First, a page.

Getting To Grips With Position In Poker

February 22nd, 2013 | by Brian Corlisse

poker positionUnderstanding the importance of position in poker is one of the foundations of solid play. If you’re serious about playing and winning at poker, knowing the advantages that position provides is a key element of your future success.

Position is a key factor in any poker variant that includes blinds and community cards, with that category including poker’s two most popular variants, Texas Hold’em and Omaha. Position considerations come into play no matter how many people are at the table, from a full game (9 or 10) all the way down to heads-up play.

Understanding the Basics of Position in Poker

A wise poker man once said, “If you could watch the action from above a poker table, and speed it up, you’d see the chips flowing around the table, clockwise, in direct relation to the button (the designated dealer in any given hand).”

The flow of chips between players has more to do with table position in poker than any other factor, including the relative skills of the players and the exact format of poker being played. The reason for position being so important is that in poker, whoever bets last has the advantage.

It’s a huge advantage. In a typical hole-card game, with small and big blinds, the blinds are last to act only on the opening betting round, before the flop. Following the flop, the small and big blinds act first, and those later in the rotation have the advantage of seeing how all the players before them react to the action that precedes them.

The position advantage is magnified even further in pot-limit and no-limit games by the fact that the size of the pot itself grow with each passing bet, making the actions of each later street — flop, turn and river — exponentially more important. If you’re playing from the blinds, the advantage of being able to act last before the flop is massively outweighed by the advantage of having to bet first for the rest of the hand, and there is no player in poker who makes a profit while playing from the small or big blinds.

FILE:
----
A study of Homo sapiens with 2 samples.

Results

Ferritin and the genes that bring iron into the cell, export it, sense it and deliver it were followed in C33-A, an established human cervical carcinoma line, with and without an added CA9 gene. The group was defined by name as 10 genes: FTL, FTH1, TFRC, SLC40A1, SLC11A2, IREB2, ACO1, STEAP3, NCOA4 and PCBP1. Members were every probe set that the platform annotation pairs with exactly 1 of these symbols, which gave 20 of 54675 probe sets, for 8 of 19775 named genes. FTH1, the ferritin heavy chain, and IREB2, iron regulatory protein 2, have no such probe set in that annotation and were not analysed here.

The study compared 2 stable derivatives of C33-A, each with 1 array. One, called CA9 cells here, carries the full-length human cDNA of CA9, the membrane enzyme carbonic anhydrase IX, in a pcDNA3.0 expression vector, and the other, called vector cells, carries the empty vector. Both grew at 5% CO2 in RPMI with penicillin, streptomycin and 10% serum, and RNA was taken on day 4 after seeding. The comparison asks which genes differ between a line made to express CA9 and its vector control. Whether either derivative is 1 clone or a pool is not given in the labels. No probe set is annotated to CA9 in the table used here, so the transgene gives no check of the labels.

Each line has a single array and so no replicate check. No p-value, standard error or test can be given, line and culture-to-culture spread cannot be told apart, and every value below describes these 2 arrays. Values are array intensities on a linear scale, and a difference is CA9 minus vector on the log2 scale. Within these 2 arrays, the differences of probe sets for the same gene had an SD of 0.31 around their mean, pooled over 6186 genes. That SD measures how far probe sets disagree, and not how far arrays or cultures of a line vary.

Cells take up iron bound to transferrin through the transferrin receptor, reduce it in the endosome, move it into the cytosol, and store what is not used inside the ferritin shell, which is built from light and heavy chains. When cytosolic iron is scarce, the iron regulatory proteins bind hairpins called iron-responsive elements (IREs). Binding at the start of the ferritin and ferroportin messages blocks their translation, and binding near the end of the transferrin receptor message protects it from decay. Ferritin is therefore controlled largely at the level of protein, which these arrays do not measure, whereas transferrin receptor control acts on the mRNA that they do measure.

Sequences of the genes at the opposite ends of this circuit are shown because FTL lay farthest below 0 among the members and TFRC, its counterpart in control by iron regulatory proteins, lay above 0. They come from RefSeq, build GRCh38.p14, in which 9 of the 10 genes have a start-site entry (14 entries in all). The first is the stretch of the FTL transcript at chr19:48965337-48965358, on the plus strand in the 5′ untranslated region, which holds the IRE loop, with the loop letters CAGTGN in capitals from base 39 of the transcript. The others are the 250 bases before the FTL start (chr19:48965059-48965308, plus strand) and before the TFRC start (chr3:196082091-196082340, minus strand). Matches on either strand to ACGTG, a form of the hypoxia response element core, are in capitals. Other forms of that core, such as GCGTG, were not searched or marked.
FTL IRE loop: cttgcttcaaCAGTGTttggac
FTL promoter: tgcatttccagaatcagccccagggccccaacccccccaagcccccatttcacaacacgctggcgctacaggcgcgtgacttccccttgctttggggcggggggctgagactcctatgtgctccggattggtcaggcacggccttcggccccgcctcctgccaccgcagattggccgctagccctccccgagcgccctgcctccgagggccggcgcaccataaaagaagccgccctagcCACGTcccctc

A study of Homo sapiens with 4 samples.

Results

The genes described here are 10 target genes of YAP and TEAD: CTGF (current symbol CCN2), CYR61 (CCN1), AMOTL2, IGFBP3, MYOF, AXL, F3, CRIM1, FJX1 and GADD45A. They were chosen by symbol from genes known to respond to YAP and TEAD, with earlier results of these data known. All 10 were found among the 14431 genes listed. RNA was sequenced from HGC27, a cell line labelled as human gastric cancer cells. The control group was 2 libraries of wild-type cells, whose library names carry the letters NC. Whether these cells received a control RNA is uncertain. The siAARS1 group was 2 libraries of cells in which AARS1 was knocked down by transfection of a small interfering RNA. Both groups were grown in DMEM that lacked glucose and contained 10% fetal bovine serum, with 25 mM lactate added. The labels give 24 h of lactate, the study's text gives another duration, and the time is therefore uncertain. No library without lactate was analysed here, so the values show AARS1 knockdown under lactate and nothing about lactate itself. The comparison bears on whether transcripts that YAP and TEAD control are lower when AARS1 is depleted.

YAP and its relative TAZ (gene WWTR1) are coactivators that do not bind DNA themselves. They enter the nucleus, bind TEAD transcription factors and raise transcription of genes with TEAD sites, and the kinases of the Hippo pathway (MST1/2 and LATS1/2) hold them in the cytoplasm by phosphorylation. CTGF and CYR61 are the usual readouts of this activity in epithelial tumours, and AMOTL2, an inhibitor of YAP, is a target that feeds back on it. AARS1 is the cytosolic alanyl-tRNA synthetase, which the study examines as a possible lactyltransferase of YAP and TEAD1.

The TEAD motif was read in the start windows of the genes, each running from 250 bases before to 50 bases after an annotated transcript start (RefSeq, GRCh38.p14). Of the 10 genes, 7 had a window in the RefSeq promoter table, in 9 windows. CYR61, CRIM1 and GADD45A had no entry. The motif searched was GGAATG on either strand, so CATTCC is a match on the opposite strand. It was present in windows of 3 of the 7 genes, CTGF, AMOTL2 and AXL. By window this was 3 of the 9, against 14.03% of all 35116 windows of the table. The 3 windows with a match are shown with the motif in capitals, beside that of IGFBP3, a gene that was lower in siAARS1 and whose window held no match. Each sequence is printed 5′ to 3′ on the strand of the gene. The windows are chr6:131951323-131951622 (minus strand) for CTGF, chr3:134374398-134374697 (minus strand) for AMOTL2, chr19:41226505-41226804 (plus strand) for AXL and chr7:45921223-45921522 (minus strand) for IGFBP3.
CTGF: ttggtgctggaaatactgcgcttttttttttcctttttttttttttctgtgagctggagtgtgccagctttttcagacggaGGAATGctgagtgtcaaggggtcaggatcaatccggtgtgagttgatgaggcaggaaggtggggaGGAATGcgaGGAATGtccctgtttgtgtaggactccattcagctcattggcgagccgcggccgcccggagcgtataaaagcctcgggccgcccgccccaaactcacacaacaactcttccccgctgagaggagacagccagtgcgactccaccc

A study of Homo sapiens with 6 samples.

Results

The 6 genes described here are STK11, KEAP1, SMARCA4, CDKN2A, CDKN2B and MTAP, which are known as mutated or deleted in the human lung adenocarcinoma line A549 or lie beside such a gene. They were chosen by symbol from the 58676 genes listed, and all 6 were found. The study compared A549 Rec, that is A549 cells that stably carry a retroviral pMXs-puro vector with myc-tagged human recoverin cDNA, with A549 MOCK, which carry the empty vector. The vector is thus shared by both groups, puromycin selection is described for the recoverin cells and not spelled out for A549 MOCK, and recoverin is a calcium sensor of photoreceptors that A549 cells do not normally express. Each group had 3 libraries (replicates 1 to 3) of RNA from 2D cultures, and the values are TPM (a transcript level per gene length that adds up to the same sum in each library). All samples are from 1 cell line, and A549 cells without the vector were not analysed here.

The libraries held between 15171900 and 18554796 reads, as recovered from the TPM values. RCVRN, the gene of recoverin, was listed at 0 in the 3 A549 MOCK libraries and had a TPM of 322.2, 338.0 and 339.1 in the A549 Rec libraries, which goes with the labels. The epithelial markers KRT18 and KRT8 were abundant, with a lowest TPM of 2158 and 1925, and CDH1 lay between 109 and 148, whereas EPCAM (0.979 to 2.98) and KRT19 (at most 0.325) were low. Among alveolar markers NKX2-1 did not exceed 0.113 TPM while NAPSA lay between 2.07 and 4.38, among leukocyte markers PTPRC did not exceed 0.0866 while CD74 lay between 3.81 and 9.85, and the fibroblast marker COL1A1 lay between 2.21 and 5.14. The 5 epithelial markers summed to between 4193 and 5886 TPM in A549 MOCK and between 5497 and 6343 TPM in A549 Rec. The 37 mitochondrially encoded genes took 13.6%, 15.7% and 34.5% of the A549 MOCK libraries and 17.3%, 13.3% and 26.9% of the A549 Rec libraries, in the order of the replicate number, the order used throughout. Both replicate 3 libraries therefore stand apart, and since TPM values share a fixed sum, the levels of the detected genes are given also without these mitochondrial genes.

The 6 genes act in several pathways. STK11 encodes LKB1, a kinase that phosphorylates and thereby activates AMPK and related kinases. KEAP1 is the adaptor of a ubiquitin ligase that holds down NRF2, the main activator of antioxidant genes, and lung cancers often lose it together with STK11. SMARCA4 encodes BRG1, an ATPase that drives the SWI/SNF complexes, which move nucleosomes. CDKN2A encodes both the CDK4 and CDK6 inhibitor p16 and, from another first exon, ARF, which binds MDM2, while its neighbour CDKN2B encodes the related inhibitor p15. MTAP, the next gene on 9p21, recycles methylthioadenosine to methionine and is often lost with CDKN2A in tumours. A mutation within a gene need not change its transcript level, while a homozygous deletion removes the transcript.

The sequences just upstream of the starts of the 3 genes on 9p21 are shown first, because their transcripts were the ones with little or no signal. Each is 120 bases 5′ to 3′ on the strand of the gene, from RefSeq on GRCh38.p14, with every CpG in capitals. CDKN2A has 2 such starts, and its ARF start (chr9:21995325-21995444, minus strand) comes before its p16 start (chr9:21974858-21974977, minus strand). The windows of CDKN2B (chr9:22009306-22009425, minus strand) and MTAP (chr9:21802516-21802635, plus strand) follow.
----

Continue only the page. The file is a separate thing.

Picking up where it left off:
Rather, when playing from the blinds or the next seat (called “under the gun”), your objectives are two-fold; to limit losses by not getting involved in speculative hands out of position, and to use take advantage of timely moments to strike back at those who use their position against you, by running into your very good hand.

Stealing and Defending the Blinds

In hold’em, more than any other game, the concept of stealing the blinds is a basic part of the action. The small and big blinds represent a small amount of sunk money that can be attacked by players in later position. In fuller games, the last three seats to act are often called the hijack, the cutoff, and the button, and it is from these three seats, with increasing frequency, that steal attempts occur, meaning a simple pre-flop raise without much for hole cards whose only purpose if to collect those blinds.

The reason stealing the blinds is such an effective and basic stratagem is that the blinds most often need some sort of hand with which to defend against a late-position raise. Lacking that, the prudent play is to fold your trash, wait a couple of hands, and take your own advantage of good position in turn.

Sooner or later you’ll run into the type of player who aggressively defends his big blinds, playing back with a high frequency against late-position players who make opening raises. Against the right types of players and when wielded judiciously, this type of play-back can be an effective ploy. Be warned, however: over-defending the blinds is, for the vast majority of players, a massive leak. Play too many hands from the blonds and you will spew chips, guaranteed.

Stealing the Button

There’s one other type of stealing that’s position-related that improving players need to monitor, and that’s a steal attempt directed not the blinds, but at the button. Being the last player to act on all three streets of action after the flop is such a huge advantage that the button itself becomes a target of steal attempts, most often by the seats to his immediate right, the cutoff and hijack.

A “rock” (poker lingo for a player who enters few hands, and then only with monsters) is an easy target for button steals, and an active, observant player will take advantage of him, often raising, then throwing away almost every hand if the button shows signs of a monster. Forcing the button out of the hand represents a net gain for the cutoff or hijack, even if the blinds are still to act, just another indicator of how important position is.

Using Position to Speculate

Another key factor regarding table position is using the late-to-act seats as a reason to enter the action with a speculative hand — a small suited connector, for example, or a baby pair. Playing this type of hand from early position against decent opponents might provide the occasional big pot, but it;ll cost of lot of chips in speculating in the process.

The later your position in any given hand, the looser you hand requirements out to be, and under the right conditions, almost anything is playable. For instance, in a medium-stakes cash game of average chip stacks, a hand like 6-4 suited is eminently foldable. From the button, particular if there’s been some limping or a single raise and a call or to, such a weak-looking hand is often worth the investment. It can be jettisoned quick in the face of serious betting, and in addition to its flush possibilities, if it hits the board hard, few other players will suspect it. You’ll win your biggest pots in poker when your opponent thinks he has the best hand — but doesn’t.

We’ll talk about other aspects of position play in future pieces, but this will do for a start. Position in poker outranks most other elements in hole-card games. Respect its importance.